As the economic crisis continues, our nation is struggling to turn around its money, fate and fortune. Proceeding hand-in-hand with our economic restructuring has been the call to “Buy American” and even to mandate it as a part of the economic stimulus plan.
The call to buy American makes some people anxious, both the free-trade crowd here and our foreign suppliers. This week’s cover of The Economist magazine melodramatically expressed those fears. Trade protectionism is personified as a reanimated corpse with a horror flick title across the top that reads, “The Return of Economic Nationalism.”
Despite the stir, buying American holds a lot of power right now. And not just on the national level: Governor Jennifer Granholm’s latest State of the State address featured Michigan labor as an essential part of the state’s plan. According to Granholm, “instead of spending nearly $2 billion a year importing coal or natural gas from other states, we’ll be spending our energy dollars on Michigan wind turbines, Michigan solar panels, Michigan energy-efficiency devices, all designed, manufactured and installed by. . . Michigan workers.”
We need to make a similar effort to buy American on a local level. Regardless of our differences when it comes to international trade policy, we can agree on what we want our city’s economy to look like.
All of us benefit from the small businesses that stitch together Ann Arbor’s economy. Because of the little restaurants and bookstores that make this place so unique, the University is able to attract some of the most progressive minds in the world. This is a symbiotic, even chicken-and-egg relationship; it’s tough to say which boomed first. Ann Arbor and the University wouldn’t be one without the other.
When I read in the Ann Arbor News that Shaman Drum bookstore was looking for help from an investor, it hit me like a call to arms. More students are buying their textbooks online to save money — and in these hard times, that is completely understandable. Shaman Drum owner Karl Pohrt took pre-emptive measures to prepare for the blow. He applied Shaman Drum for nonprofit status in an attempt to embrace our community and Shaman Drum’s role in it. The Internal Revenue Service returned his request with a letter in November saying that they’re too swamped with requests to review it for some time. In the meantime, Shaman Drum needs our support.
Students cannot become investors in our local icons, but our actions en masse are just as influential. We truly are voting with our dollars when we spend them. In this vein, I want to write a campaign ad for our community.
Shaman Drum has books you’ll never find in a chain store because Pohrt and his staff cater to our community. To really look at the shelves is to take the city’s pulse. They’ll even have the esoteric book your professor suggested you read. But one thing matters most of all. The place has the soul of a poet and a scholar. Besides, it brings literary figures in to speak, many of whom are recently graduated authors in need of a launching point to “the real world.”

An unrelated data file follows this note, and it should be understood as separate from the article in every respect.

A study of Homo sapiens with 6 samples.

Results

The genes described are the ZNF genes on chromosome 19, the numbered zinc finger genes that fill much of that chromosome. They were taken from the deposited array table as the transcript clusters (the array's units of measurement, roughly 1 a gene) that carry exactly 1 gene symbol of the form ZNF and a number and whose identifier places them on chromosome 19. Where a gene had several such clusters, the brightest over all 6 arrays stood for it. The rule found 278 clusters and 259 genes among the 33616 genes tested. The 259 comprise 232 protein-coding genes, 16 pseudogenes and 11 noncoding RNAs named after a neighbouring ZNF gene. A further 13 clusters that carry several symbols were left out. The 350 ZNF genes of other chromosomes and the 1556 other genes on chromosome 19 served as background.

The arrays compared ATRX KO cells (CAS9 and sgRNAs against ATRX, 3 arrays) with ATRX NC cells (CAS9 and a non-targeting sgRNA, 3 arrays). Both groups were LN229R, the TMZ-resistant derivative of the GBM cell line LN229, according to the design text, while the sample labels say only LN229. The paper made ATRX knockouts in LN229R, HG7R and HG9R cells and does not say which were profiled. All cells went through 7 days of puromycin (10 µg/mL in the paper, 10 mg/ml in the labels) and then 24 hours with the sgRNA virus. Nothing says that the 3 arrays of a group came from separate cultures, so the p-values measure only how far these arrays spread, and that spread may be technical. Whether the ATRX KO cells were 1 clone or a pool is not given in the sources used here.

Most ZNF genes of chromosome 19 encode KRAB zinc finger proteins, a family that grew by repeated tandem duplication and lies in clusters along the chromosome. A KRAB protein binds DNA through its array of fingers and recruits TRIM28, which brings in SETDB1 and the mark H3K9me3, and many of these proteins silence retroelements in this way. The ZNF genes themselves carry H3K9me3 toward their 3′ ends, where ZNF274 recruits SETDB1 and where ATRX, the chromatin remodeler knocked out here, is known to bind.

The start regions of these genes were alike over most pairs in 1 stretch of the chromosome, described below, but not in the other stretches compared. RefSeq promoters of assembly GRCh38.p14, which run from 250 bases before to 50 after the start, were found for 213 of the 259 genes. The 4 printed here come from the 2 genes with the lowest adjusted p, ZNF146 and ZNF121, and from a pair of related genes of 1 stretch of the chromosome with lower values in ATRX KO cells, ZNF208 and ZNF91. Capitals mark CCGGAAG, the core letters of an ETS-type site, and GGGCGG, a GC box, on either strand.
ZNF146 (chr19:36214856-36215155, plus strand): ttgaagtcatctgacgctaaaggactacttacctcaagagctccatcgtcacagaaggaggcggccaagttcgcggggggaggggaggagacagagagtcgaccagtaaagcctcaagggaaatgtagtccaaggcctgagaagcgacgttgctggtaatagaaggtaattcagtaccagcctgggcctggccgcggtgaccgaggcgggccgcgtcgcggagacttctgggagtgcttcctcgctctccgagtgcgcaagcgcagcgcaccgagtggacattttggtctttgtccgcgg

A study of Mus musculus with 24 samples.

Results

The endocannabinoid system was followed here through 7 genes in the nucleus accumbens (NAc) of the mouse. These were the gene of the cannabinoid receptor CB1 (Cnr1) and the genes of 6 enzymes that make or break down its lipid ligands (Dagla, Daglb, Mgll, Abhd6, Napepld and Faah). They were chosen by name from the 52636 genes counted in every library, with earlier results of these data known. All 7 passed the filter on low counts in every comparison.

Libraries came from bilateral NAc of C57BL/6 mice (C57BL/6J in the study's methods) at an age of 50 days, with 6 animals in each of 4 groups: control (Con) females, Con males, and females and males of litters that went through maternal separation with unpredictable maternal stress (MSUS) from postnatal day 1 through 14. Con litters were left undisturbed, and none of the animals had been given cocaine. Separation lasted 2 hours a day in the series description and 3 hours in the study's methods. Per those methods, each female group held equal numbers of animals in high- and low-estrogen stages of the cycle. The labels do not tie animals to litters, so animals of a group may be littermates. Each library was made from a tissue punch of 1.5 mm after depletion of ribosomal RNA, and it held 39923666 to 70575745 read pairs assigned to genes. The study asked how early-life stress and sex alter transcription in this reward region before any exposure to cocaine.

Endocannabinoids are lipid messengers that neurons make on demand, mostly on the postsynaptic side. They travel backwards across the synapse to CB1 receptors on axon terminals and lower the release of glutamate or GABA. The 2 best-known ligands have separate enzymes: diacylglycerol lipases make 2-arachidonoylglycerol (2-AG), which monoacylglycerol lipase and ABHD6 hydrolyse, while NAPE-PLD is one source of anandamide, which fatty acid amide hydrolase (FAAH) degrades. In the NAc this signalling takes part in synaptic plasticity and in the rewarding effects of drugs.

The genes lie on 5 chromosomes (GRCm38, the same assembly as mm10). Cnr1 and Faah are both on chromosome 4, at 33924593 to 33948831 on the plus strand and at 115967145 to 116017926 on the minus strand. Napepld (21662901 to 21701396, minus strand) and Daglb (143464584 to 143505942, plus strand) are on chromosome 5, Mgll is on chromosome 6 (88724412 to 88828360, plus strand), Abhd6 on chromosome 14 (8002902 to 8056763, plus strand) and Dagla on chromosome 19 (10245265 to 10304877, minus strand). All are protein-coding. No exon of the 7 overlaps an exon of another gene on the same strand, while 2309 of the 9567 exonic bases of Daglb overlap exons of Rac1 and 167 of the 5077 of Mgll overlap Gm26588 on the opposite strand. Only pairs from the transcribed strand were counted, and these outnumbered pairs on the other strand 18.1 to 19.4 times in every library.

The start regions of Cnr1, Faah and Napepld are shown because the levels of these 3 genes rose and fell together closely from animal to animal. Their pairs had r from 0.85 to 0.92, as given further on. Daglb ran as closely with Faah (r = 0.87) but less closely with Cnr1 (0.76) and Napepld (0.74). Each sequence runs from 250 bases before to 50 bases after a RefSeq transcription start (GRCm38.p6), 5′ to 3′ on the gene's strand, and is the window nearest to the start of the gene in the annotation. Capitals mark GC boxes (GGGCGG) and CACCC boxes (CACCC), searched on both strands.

When I heard that Shaman Drum might be having tough times, the first thing I did was pick up some books there. It’s an empty gesture, unless you do it too. Times are hard for everyone right now and we have to stick together.
But we’re not just talking about bookstores here. When you go out to eat, forget the sandwich chains that have elbowed their way onto State Street (aren’t as affected franchises if the rent is too high). Go say hi to Sava or Silvio instead.
Forget seeing “My Bloody Valentine” in 3D. Check out the Michigan or State Theater instead — your date might even mistake you for “cool.” In all seriousness: when you choose to buy local, your lifestyle will change for the better.
You and the shopkeepers begin to know each other. Those little conversations you have, or even their nod of recognition, can pick up your day and theirs.
Sure, we need our food to be cheap if we’re going to eat out at all. I’d just like to let the $5 sandwich crowd know that they can get a pound of Indian food at the same price. You just have to know where to look. For those in a hurry, snag a chicken shawarma pita.
Everything local has an unfair reputation for being expensive. I work at Café Ambrosia, and we have the cheapest cup of coffee in Ann Arbor. Working there only convinces me that people like that local familiarity. Most of our customers come in every day.
Give a little place a try that you haven’t been before. My next stop? The Jamaican Jerk Pit on Thayer Street.
Meg Young can be reached at firstname.lastname@example.org.